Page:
HK protests

Source: NYT (9/27/14):

Police Arrest Dozens of Pro-Democracy Protesters in Hong Kong

A protester holding a sign that reads, “Civil disobedience and Occupy Central” on Saturday outside the Central Government Offices in Hong Kong. CreditVincent Yu/Associated Press
HONG KONG — A confrontation in Hong Kong between pro-democracy protesters and the police continued into a second day on Saturday, as dozens of students were arrested after occupying the forecourt of the local government’s headquarters. Thousands of supporters remained in the area, and some said the confrontation was a forerunner of bigger protests expected next week.

“We came to support the students, who merely wanted a dialogue about our demands,” Iris Cheung, a university student who had joined the crowd, said Saturday. “But you can see that the government doesn’t want dialogue,” she said.

“Now Occupy Central will be bigger, because people will be angrier,” Ms. Cheung said. She was referring to Occupy Central with Love and Peace, the city’s main pro-democracy movement, which is expected to hold a sit-in next week in Central, Hong Kong’s financial heart.

The demonstrators are protesting China’s plan for changing how Hong Kong elects its top leader, the chief executive, starting in 2017. The current chief executive, Leung Chun-ying, has backed the plan, which for the first time would let the public vote for the top leader; Mr. Leung and his predecessors were selected by a committee dominated by Beijing loyalists.

An injured protester was tended to after clashing with the riot police on Saturday in Hong Kong. CreditLam Yik Fei/Getty Images

But critics say that vote would be meaningless, because the plan includes procedural hurdles that would screen out candidates who do not have Beijing’s implicit blessing.

The latest protests erupted on Friday night, at the end of a weeklong boycott of classes by university students to protest China’s election plan. The students, many of whom had gathered near the government headquarters, were joined on Friday by hundreds of high school students, and the peaceful rally gave way to a night of torrid protest.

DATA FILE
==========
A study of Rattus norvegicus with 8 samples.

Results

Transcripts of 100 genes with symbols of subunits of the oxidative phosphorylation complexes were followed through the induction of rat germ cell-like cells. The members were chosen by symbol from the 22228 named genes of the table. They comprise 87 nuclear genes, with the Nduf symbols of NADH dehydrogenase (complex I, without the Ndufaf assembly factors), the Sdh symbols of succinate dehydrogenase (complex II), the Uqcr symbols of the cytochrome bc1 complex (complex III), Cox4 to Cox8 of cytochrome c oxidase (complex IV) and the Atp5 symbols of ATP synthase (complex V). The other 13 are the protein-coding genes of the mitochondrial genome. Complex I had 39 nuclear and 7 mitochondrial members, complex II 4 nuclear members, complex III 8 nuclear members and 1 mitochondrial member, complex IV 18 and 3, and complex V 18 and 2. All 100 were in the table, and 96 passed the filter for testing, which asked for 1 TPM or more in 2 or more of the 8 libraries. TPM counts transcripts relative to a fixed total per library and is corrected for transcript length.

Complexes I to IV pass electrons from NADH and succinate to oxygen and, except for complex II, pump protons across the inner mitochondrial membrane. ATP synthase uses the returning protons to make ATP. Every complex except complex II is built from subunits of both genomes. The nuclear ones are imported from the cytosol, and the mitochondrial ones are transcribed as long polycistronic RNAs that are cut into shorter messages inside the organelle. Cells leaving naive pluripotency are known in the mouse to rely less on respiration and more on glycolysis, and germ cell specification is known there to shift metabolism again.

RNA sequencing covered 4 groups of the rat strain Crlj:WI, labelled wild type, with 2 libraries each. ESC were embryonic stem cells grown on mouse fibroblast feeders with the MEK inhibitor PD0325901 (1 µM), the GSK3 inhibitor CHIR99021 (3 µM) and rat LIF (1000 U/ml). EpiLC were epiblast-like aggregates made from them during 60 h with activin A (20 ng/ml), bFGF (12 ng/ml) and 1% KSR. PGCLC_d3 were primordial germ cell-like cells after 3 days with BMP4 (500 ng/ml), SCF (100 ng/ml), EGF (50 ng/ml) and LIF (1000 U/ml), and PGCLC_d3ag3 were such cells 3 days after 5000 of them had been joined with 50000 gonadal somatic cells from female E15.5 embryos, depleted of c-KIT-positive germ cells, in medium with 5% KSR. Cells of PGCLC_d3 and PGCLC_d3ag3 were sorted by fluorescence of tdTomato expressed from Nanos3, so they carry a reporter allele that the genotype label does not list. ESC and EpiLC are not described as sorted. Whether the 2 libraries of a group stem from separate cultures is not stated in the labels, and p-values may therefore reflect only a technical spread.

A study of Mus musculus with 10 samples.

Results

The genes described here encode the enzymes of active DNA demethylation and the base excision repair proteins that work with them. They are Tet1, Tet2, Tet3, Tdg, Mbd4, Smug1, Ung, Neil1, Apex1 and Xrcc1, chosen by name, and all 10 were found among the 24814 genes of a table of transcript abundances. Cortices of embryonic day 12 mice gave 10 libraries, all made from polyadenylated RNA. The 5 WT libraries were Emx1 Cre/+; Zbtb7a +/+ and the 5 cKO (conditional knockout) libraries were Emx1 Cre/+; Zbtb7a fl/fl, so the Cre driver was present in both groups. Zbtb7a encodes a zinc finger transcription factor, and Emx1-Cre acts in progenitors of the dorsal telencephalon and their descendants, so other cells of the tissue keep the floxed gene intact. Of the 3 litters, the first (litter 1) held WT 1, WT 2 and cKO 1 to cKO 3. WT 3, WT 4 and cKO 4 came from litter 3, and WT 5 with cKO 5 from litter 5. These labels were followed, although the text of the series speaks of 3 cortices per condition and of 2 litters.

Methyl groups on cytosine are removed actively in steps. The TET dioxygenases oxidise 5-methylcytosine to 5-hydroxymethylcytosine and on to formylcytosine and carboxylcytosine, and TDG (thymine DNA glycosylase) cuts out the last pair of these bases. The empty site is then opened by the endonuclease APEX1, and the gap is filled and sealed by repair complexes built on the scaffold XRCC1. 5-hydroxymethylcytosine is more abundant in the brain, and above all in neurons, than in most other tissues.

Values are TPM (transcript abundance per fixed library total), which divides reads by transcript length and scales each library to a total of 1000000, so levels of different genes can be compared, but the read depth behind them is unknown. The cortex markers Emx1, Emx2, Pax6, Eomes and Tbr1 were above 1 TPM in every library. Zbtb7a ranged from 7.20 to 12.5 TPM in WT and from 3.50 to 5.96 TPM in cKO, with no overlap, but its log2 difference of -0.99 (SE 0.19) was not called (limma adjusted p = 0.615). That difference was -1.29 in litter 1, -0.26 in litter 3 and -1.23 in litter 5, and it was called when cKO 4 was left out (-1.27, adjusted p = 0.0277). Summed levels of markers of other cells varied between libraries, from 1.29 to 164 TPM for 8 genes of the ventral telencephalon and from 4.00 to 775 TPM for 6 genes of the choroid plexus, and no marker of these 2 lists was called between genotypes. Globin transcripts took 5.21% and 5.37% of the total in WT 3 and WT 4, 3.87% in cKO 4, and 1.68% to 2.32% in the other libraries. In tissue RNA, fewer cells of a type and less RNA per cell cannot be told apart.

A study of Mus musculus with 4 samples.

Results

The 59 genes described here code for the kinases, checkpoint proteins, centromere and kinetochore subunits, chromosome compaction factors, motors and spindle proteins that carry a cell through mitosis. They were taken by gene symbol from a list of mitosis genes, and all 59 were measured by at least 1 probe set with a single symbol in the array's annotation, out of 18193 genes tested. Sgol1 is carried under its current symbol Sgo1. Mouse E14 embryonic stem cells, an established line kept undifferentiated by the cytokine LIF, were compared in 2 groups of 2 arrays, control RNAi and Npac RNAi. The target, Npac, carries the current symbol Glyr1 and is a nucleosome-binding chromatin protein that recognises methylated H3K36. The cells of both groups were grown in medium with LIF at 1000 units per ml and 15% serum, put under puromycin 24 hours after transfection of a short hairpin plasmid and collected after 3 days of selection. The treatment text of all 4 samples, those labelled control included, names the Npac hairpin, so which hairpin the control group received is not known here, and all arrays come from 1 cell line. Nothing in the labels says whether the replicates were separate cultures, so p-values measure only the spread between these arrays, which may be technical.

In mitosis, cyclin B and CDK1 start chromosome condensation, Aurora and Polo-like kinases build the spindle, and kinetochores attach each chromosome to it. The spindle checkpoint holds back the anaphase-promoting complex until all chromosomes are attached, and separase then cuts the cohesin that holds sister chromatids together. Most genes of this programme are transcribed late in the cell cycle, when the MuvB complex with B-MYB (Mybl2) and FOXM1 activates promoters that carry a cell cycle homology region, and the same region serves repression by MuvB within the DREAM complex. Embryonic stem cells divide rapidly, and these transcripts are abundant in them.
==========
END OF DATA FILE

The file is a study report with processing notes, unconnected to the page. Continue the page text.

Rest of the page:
A group of 200 or so students evaded the police and stormed into the forecourt near the entrance of the government headquarters, known to the demonstrators as Civic Square, which had recently been blocked off from the public. A ring of police officers surrounded the protesters inside the forecourt, but hundreds and eventually thousands of protesters gathered outside the fence, most of them apparently in support of the students.

“We didn’t come for violence,” said Paul Leung, a recent university graduate who came to support the students and stayed for much of the night. “The Civic Square belongs to the people, not the government. We have the right to be there, to demand that the government dialogue. But instead, they sprayed us, treated the students like criminals, not like citizens.”

By Saturday afternoon, dozens of additional police officers with shields and helmets had moved into the forecourt, and the remaining students were told they had five minutes to leave before force would be used. Amid jeers from protesters on the other side of the fence, the police one by one pulled away the protesters, who had joined arms. Sixty-one people were arrested, the police said.

Students staged a sit-in outside the Central Government Offices in Hong Kong on Saturday.CreditJerome Favre/European Pressphoto Agency

In a society with a tradition of reverence for education, the students have drawn an outpouring of support from classmates and other residents, some of whom sent bottled water, tissues and snacks to the demonstrators on Saturday. Some residents saw echoes of Beijing in 1989, when there was a surge of public support for students who occupied Tiananmen Square, before the protests were brutally suppressed.

“They are ready to pick up the democracy baton from the student movement in China in 1989,” said Sonny Lau, 57, who came to support the students early on Saturday morning, when he said he was pepper-sprayed by the police. “Part of our success would be to put pressure on the Communist Party by getting the world’s attention.”

Since Hong Kong was returned to Chinese sovereignty in 1997, the former British colony has kept its own independent courts and legal protections for free speech and assembly, as well as a robust civil society. But many democratic groups and politicians say the city’s freedoms are eroding under mainland China’s growing political and economic influence.

Occupy Central is expected to announce soon that it will hold sit-in protests in Central starting on Wednesday, China’s National Day, which is also a public holiday in Hong Kong. Chan Kin-man, a co-founder of Occupy Central, has indicated that the announcement will be made on Sunday.

The Hong Kong Federation of Students said Saturday that the protest would go on at least into the night. The Hong Kong government’s secretary for security, Lai Tung-kwok, warned people to stay away from the area.

“Right now, there are still a considerably large number of people gathering there,” he said. “I appeal to them that they leave as soon as possible, and to other people not to go to the government headquarters or join in associated activities.”